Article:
Discover more from Imperfect notes on an imperfect world
Below a selection of some news pieces, articles and podcasts that have caught my attention. I might try doing notes like these more regularly if there is interest.
The full name is ‘Very Intense Tropical Cyclone Freddy’. From FT:
Freddy accumulated the most energy of any cyclone recorded in the southern hemisphere during its lengthy gestation, according to the UN’s World Meteorological Organisation. The agency is assessing whether it has also broken the record for the world’s longest-lasting tropical storm. It is one of very few cyclones in recorded history to have crossed the full width of the Indian Ocean.
What is remarkable is that the cyclone circled around and hit Madagascar and Moazambique twice. It came back for a second shot. And add in that Malawi is experiencing its worst cholera outbreak on record. Polycrisis, history, Freddy certainly captures something of the present conditions.
Another chart from the FT:
A very interesting chart, indeed.
Meanwhile, Jeremy Scahill reviews competing accounts about responsibility for the bombing of the Nord Stream pipeline.
On related themes, Helen Thompson on reflecting on oil and the Iraq war:
In a near-perfect absurdity, considering the Iraq War’s purposes, most of the Western oil companies have, in recent years, either left or reduced their operations, while the Iranian Oil Ministry has set up an office in downtown Baghdad and Chinese firms are ascendant.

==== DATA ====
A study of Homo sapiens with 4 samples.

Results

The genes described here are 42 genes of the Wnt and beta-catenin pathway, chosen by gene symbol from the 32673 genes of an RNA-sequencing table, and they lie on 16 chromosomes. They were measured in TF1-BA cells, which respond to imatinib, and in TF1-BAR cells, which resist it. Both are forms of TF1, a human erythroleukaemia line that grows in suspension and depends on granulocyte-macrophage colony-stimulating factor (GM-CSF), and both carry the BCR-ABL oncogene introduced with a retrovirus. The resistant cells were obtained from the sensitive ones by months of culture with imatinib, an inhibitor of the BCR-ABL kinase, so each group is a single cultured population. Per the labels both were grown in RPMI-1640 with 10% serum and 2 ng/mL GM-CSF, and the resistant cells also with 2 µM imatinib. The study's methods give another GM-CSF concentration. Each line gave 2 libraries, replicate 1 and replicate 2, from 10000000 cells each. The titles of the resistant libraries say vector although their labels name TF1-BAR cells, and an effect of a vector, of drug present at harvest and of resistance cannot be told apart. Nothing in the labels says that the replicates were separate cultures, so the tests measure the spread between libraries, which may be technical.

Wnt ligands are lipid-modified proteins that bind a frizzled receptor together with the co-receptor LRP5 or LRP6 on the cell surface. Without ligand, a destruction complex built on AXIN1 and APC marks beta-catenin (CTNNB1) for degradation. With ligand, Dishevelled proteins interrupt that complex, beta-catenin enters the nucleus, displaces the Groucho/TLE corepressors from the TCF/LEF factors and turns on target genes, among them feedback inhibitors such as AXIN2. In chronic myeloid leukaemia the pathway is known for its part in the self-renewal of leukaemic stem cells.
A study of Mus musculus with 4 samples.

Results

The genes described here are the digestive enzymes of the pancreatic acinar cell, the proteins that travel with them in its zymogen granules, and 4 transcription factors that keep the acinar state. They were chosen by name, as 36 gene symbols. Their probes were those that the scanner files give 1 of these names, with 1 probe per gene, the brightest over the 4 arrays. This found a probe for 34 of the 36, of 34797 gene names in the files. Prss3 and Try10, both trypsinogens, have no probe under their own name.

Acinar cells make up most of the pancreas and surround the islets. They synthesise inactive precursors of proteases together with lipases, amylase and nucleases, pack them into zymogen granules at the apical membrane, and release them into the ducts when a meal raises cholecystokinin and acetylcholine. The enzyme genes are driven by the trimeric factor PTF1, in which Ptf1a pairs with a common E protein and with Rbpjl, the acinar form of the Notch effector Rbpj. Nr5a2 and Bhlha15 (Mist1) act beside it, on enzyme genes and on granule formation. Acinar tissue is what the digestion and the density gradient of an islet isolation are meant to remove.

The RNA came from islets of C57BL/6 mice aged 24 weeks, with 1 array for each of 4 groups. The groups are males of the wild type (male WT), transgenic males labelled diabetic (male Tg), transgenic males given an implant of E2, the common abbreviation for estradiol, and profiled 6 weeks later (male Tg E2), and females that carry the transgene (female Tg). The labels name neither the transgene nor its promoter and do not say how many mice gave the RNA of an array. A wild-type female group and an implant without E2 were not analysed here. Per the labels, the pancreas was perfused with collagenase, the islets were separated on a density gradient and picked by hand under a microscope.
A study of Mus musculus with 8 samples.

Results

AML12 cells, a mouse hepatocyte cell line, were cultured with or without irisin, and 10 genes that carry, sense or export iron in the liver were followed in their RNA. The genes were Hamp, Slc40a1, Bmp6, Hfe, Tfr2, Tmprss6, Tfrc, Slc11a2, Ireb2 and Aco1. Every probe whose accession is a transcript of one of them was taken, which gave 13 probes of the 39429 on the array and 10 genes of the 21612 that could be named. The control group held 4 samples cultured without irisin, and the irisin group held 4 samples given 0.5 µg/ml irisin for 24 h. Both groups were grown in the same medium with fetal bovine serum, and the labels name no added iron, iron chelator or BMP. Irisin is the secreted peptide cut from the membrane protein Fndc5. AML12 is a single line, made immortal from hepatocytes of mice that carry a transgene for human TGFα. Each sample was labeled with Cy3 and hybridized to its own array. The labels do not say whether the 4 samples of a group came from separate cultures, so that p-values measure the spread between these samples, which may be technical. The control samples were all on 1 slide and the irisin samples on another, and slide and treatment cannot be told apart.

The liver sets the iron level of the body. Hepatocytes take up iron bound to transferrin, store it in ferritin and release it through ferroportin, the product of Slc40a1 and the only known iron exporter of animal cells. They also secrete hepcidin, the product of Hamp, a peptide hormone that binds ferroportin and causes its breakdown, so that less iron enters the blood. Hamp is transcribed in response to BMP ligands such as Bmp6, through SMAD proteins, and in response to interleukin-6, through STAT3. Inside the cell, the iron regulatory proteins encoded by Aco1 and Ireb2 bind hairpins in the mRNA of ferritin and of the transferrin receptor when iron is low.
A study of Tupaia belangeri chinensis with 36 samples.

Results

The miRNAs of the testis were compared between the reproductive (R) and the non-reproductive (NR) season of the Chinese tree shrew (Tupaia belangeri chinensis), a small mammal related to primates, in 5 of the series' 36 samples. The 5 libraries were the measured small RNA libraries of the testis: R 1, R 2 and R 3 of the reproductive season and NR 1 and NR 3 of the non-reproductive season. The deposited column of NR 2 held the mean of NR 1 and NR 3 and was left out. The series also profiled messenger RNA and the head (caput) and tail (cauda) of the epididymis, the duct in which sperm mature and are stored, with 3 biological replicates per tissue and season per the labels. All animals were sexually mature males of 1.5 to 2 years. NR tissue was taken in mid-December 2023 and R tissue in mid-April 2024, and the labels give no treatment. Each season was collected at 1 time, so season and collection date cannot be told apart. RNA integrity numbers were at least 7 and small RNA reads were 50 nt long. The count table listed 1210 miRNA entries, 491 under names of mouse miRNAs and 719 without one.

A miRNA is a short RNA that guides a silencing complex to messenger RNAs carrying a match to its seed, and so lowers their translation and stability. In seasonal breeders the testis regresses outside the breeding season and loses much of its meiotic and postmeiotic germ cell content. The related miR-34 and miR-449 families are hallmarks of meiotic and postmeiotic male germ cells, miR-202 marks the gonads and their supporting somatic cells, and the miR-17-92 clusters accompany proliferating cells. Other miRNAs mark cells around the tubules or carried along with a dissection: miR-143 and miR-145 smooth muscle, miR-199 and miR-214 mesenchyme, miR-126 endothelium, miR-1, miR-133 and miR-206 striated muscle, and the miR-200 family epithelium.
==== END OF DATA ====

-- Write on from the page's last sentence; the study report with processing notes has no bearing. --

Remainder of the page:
The twenty year anniversary of the Iraq war is definitely worth remembering and reflecting on, all the more so given neo-con zombies seem to never die. Peter Ricketts:
The unravelling of the international order, graphically demonstrated by Vladimir Putin’s full-scale attack on Ukraine, began with the West’s invasion of Iraq 20 years ago. By disregarding the principles of the UN Charter in 2003, the US and the UK ceded their moral authority to promote the rule of law, and emboldened authoritarians to act illegally when it suited them. The calamitous occupation of Iraq also turned Western public opinion against the whole idea of leadership in international crisis management and left an indelible mark on opinion in non-aligned countries. The consequences are still playing out to this day.
UK Integrated Review on ‘responding to a more contested and volatile world’:
There is a growing prospect that the international security environment will further deteriorate in the coming years, with state threats increasing and diversifying in Europe and beyond. The risk of escalation is greater than at any time in decades, and an increasing number of advanced weapons systems have been developed and are being tested or adopted. The strategic stability mechanisms that helped in the 21st century to mitigate the risks of misunderstanding, miscalculation and unintended escalation have not developed at the pace needed to ensure that competition does not spill over into uncontrolled conflict.
“In 2008,” an Economist report on the country said recently, “Turkey aligned itself with 88% of the EU’s foreign-policy decisions and declarations. By 2016 that share had fallen by half to 44%. Last year it was only 7%.” Countries can be lost. Europe’s leaders share the blame in this case: having promised Turkey a future in the EU, they took that future away. The Turkish precedent should be in the minds of today’s EU and NATO leaders as they make promises to another aspirant, Ukraine. As for the Turks, instead of having a retired prime minister whom history would have judged to be one of the ablest and most effective politicians of his generation, they are saddled with a forever president whose only trick is to present himself as the solution to crises of his own making.
Dan Wang’s recently published yearly review of China is valuable reading, although the Yunnan-related top and tails don’t really work and can be skipped.
Politics Theory Other with guest Adam Tooze about distinguishing fascism.
The Gray Area with guest Noah Hawley, the creator of Fargo.